The original USGS 7.5-minute (1:24,000 scale) Historical Topographic Maps (produced 1945-1992) included feature classes that are not yet shown on US Topo maps (produced 2009-present). Examples include pipelines, power lines, survey markers, many types of boundaries, and many types of buildings. The USGS no longer does field verification or other primary data collection for these feature classes, and there are no national data sources suitable for general-purpose, 1:24,000-scale maps. For many of these feature classes, the USGS is working with other agencies to develop data. Over time, as these data become available and are included in The National Map, that content will be added to the US Topos.

Since US Topo maps are mass produced from national databases, some features shown on traditional maps might never be included on US Topo maps. For example, a national database of isolated ranch windmills and water tanks is unlikely to ever be built.

  • Recreational trails -- Trails are problematic due to a lack of national data sources, but federal land management agencies and other organizations are providing data to the USGS and more trails are shown on US Topo each year. To date, major sources include the U.S. Forest Service, National Park Service, U.S. Fish and Wildlife Service, and the International Mountain Biking Association. We expect the number of recreational trails on the maps to steadily increase in the coming years, particularly on federal lands. 

  • Public Land Survey System (PLSS) -- PLSS has been published on US Topo maps since 2013 for all of the 29 continental PLSS states. PLSS is also included on Alaska maps. 

  • Wetlands -- Wetlands were added as a US Topo layer in late 2015 using data from the U.S. Fish & Wildlife Service National Wetlands Inventory. Wetlands are included on US Topo maps published 2016 or later and on 2015 maps for Wisconsin, Idaho, and Kansas. Wetlands data are not cartographically integrated with other layers and in some cases might appear inconsistent with other hydrography features.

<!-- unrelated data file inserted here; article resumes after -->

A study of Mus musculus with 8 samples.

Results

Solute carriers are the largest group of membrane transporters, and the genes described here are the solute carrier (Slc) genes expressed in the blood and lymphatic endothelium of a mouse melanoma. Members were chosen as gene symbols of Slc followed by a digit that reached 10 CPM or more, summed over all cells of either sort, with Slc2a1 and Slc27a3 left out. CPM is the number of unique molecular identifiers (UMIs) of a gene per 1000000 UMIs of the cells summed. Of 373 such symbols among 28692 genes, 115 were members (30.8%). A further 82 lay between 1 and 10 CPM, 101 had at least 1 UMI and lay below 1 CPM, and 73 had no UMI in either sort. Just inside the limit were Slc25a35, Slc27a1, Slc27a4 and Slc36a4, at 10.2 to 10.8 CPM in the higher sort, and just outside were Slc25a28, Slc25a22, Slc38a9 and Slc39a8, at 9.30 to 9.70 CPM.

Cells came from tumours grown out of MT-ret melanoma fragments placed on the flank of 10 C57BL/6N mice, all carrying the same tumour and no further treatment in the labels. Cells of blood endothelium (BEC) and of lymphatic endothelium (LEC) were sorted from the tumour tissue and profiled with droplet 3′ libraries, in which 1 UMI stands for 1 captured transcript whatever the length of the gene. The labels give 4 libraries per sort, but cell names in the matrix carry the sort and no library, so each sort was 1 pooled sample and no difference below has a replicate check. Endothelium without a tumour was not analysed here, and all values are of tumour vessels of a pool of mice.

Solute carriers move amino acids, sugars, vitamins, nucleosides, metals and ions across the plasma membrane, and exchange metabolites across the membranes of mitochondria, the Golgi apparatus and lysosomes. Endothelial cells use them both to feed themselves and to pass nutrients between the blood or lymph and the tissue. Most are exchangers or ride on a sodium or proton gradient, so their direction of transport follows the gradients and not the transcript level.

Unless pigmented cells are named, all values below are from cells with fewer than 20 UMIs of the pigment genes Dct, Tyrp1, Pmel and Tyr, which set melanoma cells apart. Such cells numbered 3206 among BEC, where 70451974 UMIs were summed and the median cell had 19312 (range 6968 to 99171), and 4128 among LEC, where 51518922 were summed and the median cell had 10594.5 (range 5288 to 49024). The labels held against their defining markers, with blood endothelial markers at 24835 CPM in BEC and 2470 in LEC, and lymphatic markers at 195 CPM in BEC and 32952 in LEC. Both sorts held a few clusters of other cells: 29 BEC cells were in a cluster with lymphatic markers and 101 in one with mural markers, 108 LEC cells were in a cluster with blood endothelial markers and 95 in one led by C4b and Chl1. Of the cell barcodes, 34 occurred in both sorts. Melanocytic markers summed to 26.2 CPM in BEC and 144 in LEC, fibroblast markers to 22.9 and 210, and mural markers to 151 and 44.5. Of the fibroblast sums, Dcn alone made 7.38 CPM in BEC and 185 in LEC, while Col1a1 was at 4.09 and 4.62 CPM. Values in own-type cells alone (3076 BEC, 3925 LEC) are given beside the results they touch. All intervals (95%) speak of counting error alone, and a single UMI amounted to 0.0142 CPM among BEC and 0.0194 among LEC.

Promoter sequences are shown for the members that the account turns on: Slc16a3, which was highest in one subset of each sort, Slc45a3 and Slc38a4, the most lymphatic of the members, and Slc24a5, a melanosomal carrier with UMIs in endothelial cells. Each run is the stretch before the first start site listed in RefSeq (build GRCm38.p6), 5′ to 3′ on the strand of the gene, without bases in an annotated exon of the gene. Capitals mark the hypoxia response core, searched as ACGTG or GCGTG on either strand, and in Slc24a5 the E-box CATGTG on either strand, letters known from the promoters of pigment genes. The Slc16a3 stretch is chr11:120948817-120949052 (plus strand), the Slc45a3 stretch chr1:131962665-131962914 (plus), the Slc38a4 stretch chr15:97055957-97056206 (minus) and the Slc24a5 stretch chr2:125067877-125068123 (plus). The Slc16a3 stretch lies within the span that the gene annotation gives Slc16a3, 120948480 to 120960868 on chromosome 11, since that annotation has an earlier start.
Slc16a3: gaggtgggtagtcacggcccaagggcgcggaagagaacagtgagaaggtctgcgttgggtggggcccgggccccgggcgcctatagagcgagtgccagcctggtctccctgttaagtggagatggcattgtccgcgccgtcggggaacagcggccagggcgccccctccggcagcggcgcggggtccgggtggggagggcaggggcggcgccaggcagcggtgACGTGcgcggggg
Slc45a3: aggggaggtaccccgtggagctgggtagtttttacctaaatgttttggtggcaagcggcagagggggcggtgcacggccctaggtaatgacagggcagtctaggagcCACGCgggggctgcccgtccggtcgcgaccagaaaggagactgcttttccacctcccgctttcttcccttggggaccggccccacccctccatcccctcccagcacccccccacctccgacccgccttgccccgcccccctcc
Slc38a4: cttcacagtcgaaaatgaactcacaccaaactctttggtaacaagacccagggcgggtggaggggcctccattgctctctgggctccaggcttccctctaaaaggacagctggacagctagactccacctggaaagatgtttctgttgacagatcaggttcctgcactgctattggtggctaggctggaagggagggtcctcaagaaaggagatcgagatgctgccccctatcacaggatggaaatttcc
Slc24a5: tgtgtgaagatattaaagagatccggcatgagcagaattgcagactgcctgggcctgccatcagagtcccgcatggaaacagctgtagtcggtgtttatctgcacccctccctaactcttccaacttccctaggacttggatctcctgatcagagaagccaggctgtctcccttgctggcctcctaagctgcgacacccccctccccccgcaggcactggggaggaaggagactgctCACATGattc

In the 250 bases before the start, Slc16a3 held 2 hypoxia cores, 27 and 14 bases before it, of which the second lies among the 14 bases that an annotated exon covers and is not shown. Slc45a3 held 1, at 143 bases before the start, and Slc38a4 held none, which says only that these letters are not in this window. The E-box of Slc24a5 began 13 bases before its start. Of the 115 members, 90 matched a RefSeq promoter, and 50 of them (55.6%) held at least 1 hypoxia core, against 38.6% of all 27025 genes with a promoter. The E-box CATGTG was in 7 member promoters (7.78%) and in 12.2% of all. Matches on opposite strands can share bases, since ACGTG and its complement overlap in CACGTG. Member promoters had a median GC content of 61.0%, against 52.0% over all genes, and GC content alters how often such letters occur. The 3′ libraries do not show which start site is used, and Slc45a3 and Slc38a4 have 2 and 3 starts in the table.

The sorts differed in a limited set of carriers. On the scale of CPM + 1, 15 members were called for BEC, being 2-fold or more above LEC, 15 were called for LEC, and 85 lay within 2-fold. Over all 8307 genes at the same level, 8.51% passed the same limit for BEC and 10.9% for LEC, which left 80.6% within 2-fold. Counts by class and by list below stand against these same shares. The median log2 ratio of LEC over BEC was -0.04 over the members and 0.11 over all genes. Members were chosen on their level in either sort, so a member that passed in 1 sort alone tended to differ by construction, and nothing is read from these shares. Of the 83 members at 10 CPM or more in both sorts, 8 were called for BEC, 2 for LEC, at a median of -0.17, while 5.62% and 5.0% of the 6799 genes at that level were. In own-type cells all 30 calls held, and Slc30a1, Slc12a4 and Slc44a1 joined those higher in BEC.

• Buildings and structures -- Traditional topographic maps locate and label a variety of public buildings and structures, such as courthouses, libraries, transportation terminals, and bridges. National public domain datasets of these feature classes do not currently exist. Although these kinds of features are not generally within USGS scope, we are working with other government agencies and incorporating crowd-sourced information to develop selected structures data. 

  • Railroads -- In 2012 we began publishing railroad data provided by the Federal Railroad Administration, which is now the source of railroads on all US Topo maps.

  • Powerlines, oil and gas pipelines, other energy infrastructure -- Except for a few unusual instances, such as the Trans-Alaska Pipeline, these features are not shown on US Topo maps. National public domain datasets do not exist and there are security reasons for not publishing these data.

  • Landmarks -- Unique landmark features might include buildings, natural features, isolated monuments, and points of interest. No national GIS database of landmark features exists, and constructing one is problematic. Nevertheless, not having such a dataset leads to cartographic oddities, such as not labeling the White House. The US Topo project hopes to eventually address this problem as part of the buildings and structures issue discussed above.

  • Remote roads -- Traditional topographic maps were compiled in part from direct field observations and were a unique source for remote and unimproved roads. Building a national public domain road dataset that can rival the traditional topographic map series for overall completeness and accuracy is a long-term problem that is being discussed by several federal agencies. 

  • Recreational features (campgrounds, boat docks, swimming pools, golf courses, etc) -- Most of these feature types will never be a high priority for USGS mapping. In 2017, US Topo maps began showing selected campgrounds, picnic areas, and cabins provided by the U.S. Forest Service and the National Park Service.